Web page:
When I joined Facebook (back in Jun 2007), I wasn't too impressed when they asked me give them the password to my email account. LinkedIn do exactly the same thing, and I'm not going to tell them either. So, I'm now doing the same thing that I did with LiveJournal, FaceBook, and Twitter: finding one or two people who I know, then "raiding" their contact list to add extra people to my list. So, don't be surprised if you get a request from me soon.
LinkedIn say: "Important: Only invite people you know well and who know you." So, how well do you need to know someone to add them? For instance, I try to keep my list of Facebook friends at about 50 (based on the Monkeysphere theory), but I've seen other people with several hundred "friends", and I'm sure they don't really have meaningful relationships with all those people. One guy used to get mopey whenever his number of friends went down, because he didn't know why people were abandoning him. My view was that if he couldn't actually work out who was missing (i.e. he couldn't remember them) then they weren't really friends in the first place. It's tricky, though: sometimes I've been hesitant to add people (e.g. SJA colleagues) because I don't want to seem pushy, but I also feel guilty about turning down requests from people I don't know particularly well. If I'm "connecting" to people on LinkedIn as colleagues rather than friends, I assume that means that we're not expected to be drinking buddies. On the other hand, at a big company there will be colleagues that you've never even met. So, does it simply mean "Yes, I know who they are, and I agree that we work together" or does it mean "We're on the same team and we talk to each other every day"?
There was an odd glitch earlier, where I'd view someone's list of connections (i.e. "friends of a friend"), but whenever I clicked on someone it said "You and this LinkedIn user don't know anyone in common". That seems to have fixed itself now, but it hasn't given me a great first impression. (The people in question also had missing photos, which have now reappeared.)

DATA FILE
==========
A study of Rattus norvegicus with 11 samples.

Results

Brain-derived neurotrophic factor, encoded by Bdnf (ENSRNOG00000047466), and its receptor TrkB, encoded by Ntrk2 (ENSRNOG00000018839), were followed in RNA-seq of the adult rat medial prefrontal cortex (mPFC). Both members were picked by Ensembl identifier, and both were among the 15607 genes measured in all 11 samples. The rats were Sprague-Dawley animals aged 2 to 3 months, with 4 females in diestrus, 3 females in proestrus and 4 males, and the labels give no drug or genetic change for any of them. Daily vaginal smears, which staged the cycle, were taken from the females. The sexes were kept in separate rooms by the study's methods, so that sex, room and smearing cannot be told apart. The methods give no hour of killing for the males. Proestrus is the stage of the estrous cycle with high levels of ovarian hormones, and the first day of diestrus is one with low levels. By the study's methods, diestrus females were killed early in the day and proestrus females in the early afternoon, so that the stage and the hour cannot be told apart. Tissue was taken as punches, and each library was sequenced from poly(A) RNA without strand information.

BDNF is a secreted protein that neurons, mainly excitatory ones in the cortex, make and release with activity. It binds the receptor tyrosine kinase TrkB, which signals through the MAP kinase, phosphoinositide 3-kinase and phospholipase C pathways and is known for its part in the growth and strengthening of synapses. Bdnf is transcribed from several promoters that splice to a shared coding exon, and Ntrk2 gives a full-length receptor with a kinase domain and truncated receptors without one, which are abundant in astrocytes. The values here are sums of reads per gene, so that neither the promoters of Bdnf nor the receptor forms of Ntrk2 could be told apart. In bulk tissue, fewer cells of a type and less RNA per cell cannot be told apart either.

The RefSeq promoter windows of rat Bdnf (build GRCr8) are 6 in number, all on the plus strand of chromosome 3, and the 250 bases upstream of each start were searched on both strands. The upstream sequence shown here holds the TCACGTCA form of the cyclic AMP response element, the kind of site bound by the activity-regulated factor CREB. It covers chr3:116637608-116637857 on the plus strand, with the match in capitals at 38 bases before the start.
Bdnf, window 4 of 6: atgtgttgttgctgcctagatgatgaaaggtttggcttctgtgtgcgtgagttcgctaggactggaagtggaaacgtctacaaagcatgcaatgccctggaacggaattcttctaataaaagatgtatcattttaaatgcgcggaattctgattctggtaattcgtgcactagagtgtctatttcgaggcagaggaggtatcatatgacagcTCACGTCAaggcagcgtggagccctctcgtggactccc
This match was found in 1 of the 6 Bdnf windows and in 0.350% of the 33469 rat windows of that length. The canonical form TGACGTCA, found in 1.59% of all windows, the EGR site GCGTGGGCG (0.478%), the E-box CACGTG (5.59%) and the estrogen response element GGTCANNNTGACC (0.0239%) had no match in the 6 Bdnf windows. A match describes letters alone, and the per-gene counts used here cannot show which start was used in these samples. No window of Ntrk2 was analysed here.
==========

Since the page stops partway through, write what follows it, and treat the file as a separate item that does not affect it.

Edit: After it fixed itself, it's now broken itself again.
More generally, I still don't really understand what the site is for. I use LiveJournal a lot as a way to pontificate at length (ahem) about whatever's on my mind. I don't post much to Twitter, but it's handy for short messages like "Good episode of Dr Who tonight" or "I've just voted" which don't really merit a full blog post. I mainly use Facebook to plan events and look at people's photos. As far as I can tell, the theory of LinkedIn is to get a foot in the door, e.g. "I'd like to contact person X and we both know Fred so I can ask Fred to introduce us". However, that means that person X is on LinkedIn, so you could just send them a message directly. Is it more of a job-hunting site? If people are posting their CVs etc. then it mainly looks like public info rather than personal data, so I don't think there are many privacy concerns about adding random contacts to your list; in fact, you need to make that info public for people to be able to find you.
Anyway, it's not costing me anything to have a profile (since I won't pay for the "Pro" option), so I'll see what happens. Maybe I'm just missing something obvious here, which will become clearer with time.